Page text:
Understanding the iTunes economy

Apple's digital media player is a "break-even" proposition at best. Items on the store that generate massive profits now compensate the traffic drivers that generate loss.

As Apple recently introduced a new set of revenue categories, the performance of its “minor” businesses has become clearer. The changes include re-statement of what used to be called “software” revenues as part of iTunes. Apple Software includes sales of OS X, iWork and its pro tools. These products are now sold through the Mac App and since that is a part of iTunes its inclusion makes sense.

However, we have to understand that iTunes now is a blend of many business models. Some, like music, use a wholesale revenue recognition method and have very low to zero margins, others, like eBooks and apps, are sold using an “agency” revenue model with potentially higher margins and some, like software, are recognised at full value with very high margins.

When re-stated this way, iTunes becomes much more than a “break-even” business. My own estimate for its gross margin as currently reported is between 15 per cent and 17 per cent but it could be even higher. This allows the following picture to emerge:


These graphs show contributions to revenue and gross margins of the various reported product categories. Note that restatements for Accessories and iTunes only extend back to Q4 2010 and the older “Software” is still shown for earlier periods.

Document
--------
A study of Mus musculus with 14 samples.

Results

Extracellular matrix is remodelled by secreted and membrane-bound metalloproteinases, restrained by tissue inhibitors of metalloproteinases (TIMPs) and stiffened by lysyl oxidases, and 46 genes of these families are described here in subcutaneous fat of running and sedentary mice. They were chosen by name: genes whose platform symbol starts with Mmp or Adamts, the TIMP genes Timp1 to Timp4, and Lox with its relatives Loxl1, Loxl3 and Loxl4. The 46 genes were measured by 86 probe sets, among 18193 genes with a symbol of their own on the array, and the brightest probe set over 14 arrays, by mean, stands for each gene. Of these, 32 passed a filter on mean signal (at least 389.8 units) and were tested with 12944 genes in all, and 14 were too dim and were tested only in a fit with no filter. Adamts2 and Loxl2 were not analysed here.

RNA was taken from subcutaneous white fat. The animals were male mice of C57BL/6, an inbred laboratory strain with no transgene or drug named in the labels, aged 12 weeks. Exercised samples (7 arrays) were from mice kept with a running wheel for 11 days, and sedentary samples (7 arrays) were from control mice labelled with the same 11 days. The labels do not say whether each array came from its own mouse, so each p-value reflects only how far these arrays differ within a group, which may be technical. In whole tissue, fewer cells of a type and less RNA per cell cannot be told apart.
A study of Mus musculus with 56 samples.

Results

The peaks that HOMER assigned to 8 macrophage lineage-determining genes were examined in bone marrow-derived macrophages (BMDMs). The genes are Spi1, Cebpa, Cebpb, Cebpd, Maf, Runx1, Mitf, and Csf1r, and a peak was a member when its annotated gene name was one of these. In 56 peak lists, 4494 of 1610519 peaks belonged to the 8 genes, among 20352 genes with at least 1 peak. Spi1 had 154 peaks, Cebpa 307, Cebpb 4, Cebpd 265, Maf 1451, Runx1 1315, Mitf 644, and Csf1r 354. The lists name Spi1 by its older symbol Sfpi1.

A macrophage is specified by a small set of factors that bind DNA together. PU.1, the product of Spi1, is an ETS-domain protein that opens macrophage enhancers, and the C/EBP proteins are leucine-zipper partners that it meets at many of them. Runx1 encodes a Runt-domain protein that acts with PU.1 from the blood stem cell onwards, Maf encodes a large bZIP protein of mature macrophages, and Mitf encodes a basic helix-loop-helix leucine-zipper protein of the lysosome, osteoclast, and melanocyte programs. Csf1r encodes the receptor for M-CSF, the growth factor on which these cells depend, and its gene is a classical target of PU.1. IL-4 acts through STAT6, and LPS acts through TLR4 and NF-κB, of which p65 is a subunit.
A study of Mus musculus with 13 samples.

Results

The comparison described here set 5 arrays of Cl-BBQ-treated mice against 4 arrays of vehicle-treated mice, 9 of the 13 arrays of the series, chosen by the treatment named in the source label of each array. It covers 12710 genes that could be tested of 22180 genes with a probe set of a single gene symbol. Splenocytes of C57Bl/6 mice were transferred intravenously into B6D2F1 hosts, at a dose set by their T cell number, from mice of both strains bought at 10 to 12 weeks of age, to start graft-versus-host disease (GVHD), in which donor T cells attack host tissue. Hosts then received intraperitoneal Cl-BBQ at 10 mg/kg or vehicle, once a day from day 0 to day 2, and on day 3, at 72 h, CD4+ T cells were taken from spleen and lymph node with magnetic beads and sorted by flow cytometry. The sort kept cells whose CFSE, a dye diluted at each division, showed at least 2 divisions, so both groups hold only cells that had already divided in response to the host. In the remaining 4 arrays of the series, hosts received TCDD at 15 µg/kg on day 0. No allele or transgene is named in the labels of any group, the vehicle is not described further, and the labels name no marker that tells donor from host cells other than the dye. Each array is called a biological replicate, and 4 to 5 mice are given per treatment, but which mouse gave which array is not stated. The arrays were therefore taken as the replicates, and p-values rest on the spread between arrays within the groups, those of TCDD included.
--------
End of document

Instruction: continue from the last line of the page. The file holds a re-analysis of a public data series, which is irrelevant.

Note also that Accessories are now including some of the revenue that used to be reported as part of iPad and iPhone revenues. This was discussed in more detail here.

There are several observations we can make:

  1. iTunes now becomes a steadily and rapidly growing business. Growth over the previous two years averages well over 30 per cent and is consistent across seasons.
  2. The absolute revenue number is substantial: $13.5 billion for 2012 (up from $US10.2 billion in 2011).
  3. Assuming a gross margin of 15 per cent to 17 per cent yields contribution of $US2 billion in margin in 2012 and $US1.6 the year before.
  4. iTunes is now Apple’s fourth largest business, having overtaken the iPod in revenues two years ago
  5. iTunes growth relative to the Mac means that it could become the third largest business during this year.
  6. When seen this way, as a per cent of total, iTunes begins to look increasingly as a viable “leg stool” upon which Apple rests. Note that in the following charts the per cent of total for iTunes holds steady while Mac and iPod decline.

Adding the Accessories business (which includes Apple TV and is showing in Orange above) these “other” businesses are already bigger than the Mac. Of course, content, software, accessories and services depend on a healthy device business, but the size of these ancillaries are beginning to be substantial and Apple’s ecosystem may begin to be valued more than just as an incentive to buy the devices.

Indeed, if seen in isolation, iTunes Accessories combined is a bigger business in terms of revenues than any of the other phone vendors except Samsung:

Horace Dediu is founder and managing director of Asymco, a Helsinki-based app developer/industry analysis advisory firm. You can find his blog here.